Written by US Music Attorney with 20 Years Experience
It has been said that a verbal contract isn’t worth the paper it’s written on. And for many bands, singers, DJs, producers and many others whose work is in a creative field, it’s often easier to just have that verbal agreement than to worry about the financial aspects of their art. Too many times, however, the lack of a written contract has cost artists money, ownership of their work and, in some cases, even their careers. Music contracts are too important to overlook just because it seems easier to trust that those working around you will always do what they say they’re going to do.
And the world of music contracts (and any legal contract) is a convoluted one, filled with dense legalese that often can be hard to wade through by anyone without a law degree. But these contracts are ones that you will have to not only read, but also understand as you enter into partnerships and working relationships with others to help your career grow. Often, you will find you need a lawyer to look over the contracts to ensure that you understand exactly what you are signing, and that the contract will be a benefit to your art. When your career reaches a point that you need to employ an entertainment lawyer, you will even need a contract for your lawyer’s services. Though the amount of contracts is seemingly endless, once you begin to recognize your needs, you realize just how helpful these contracts will be in the future success of your career.
In the following section, we’ll lay out some typical cases in which you need certain types of contracts. This is by no means a comprehensive list, and it will vary from artist to artist, but it will give you an idea of what contracts you’ll need and when in your career that you will need them.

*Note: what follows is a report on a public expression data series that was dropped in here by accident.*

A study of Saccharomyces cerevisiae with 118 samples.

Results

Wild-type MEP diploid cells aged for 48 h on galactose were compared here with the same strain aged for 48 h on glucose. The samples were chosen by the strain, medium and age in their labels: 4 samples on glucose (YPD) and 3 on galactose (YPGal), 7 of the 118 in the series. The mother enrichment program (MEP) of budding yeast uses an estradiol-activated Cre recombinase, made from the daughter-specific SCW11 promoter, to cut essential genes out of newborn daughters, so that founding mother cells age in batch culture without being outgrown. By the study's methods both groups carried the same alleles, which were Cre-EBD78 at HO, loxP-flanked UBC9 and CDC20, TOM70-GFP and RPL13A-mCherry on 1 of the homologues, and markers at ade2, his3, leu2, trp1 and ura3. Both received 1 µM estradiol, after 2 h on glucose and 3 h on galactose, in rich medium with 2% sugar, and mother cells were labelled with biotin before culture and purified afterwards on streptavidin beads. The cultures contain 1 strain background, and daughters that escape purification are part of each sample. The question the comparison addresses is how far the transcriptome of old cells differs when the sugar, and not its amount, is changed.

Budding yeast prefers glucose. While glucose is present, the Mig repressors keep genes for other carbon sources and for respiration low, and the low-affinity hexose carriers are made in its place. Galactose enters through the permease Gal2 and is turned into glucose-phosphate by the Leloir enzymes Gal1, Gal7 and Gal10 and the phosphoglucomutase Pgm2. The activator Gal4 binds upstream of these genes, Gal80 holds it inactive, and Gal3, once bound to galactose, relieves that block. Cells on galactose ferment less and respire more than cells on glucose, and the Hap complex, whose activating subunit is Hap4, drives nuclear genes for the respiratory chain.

Band Partnership Agreements
If you’re in a band, this should be one of your starting points as you begin to look at making a career of music. Your best buddies may be in the band with you, but even the best of friends find ways to fight over money and song rights.
Managers can play many different roles depending on artist type and success level, but as soon as your career succeeds to a level that you need someone on the outside to look after the affairs of your career, it’s time to find an manager and ensure, with a Manager Contract, that everyone agrees to work for fair terms.
Record Label Contracts
Oh, the dream…that elusive record deal. You’ve been starry-eyed over this one since you first strummed a guitar (or sang into a mic, or sat behind a piano, etc.). But these can be some of the most dangerous and career killing pieces of paper out there. Record companies, no matter how dedicated to their artists, exist to make money, and tales of artists’ careers dying at the hands of a record label are all to common. On the other hand, a good contract is still the dream, and record contacts make dreams come true, as long as you understand what’s in it for you.
These contracts are important whether your songs are being recorded by someone else or if it’s your own band performing the songs. From the outset, a contract should specifically state who wrote what percentage of each song; this will help prevent fights and lawsuits when the money starts coming in later.
Again, this is by no means all the contracts that should be looked at, nor is it all the contracts available on this site. But it should start you thinking about which contracts you will need as your career progresses, and how to ensure you get a good deal on each one you sign.